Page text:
Also in this movie are Judi Bowker (Brother Sun, Sister Moon) and Frank Finlay (Marley's Ghost in the George C. Scott A Christmas Carol, a character in one episode of the Jeremy Brett Sherlock Holmes series, and Iago in Laurence Olivier's Othello)
The music and special effects are dated, but this is still one of the all-time great Dracula presentations, adhering fairly closely to the book as I recall. The DVD itself, although I'm grateful for its availability, is a huge disappointment, having no special features at all. There aren't even chapter divisions, just divisions into 2 parts. Ah, well, beggars can't be choosers, and it's much better than what I had before.
Moria discusses the character portrayals and says this of Jourdan: "Jourdan gives Dracula an unidentifiable foreignness that we can’t quite pinpoint. That and a controlled precision and a dangerous charm" and says,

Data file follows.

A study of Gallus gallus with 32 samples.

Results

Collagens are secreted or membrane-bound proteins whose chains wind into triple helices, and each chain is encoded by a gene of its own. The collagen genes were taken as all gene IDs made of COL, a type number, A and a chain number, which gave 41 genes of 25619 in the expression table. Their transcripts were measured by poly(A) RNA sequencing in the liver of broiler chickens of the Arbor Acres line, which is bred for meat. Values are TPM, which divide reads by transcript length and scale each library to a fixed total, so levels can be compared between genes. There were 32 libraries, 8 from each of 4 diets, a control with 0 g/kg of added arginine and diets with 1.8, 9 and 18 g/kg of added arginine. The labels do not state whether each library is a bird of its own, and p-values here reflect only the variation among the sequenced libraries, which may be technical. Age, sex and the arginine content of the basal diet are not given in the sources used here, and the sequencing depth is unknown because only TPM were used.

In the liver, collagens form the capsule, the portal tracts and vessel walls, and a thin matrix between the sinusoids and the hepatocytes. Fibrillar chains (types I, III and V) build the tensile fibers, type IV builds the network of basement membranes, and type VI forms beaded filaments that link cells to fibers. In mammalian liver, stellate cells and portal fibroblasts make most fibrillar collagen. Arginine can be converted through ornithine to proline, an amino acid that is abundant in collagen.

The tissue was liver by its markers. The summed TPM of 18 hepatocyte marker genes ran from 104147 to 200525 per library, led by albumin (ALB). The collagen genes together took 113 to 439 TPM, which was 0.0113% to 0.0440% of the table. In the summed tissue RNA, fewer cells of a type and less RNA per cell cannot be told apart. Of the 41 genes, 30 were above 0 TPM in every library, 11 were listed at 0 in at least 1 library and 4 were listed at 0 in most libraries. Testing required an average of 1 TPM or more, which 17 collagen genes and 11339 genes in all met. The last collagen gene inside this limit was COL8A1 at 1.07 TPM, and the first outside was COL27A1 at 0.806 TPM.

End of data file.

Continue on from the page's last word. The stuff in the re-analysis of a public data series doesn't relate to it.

With filmed versions of Dracula, it seems as though adapters are either stuck with remaining faithful to the story or else opening it up. By and large, the most successful versions of the book – Nosferatu, the Hammer version and Coppola – are ones that allow their respective directors to not worry too much about treating the story faithfully. Count Dracula is the only version that manages a judicious balance of both.DVD Talk says it "remains one of the best-ever adaptations of Bram Stoker's novel and the DVD makes perfect Halloween viewing. Highly Recommended." Ferdy on Films has a review, which says, "Louis Jourdan is an amazingly good Dracula, the best, in my opinion" and closes with this: "By retrieving the story from the scream-inducing impulses of the horror genre, Count Dracula reinvigorates the vampire fable with universal consequences that haunt the human spirit." The audience rating at Rotten Tomatoes averages an 83%.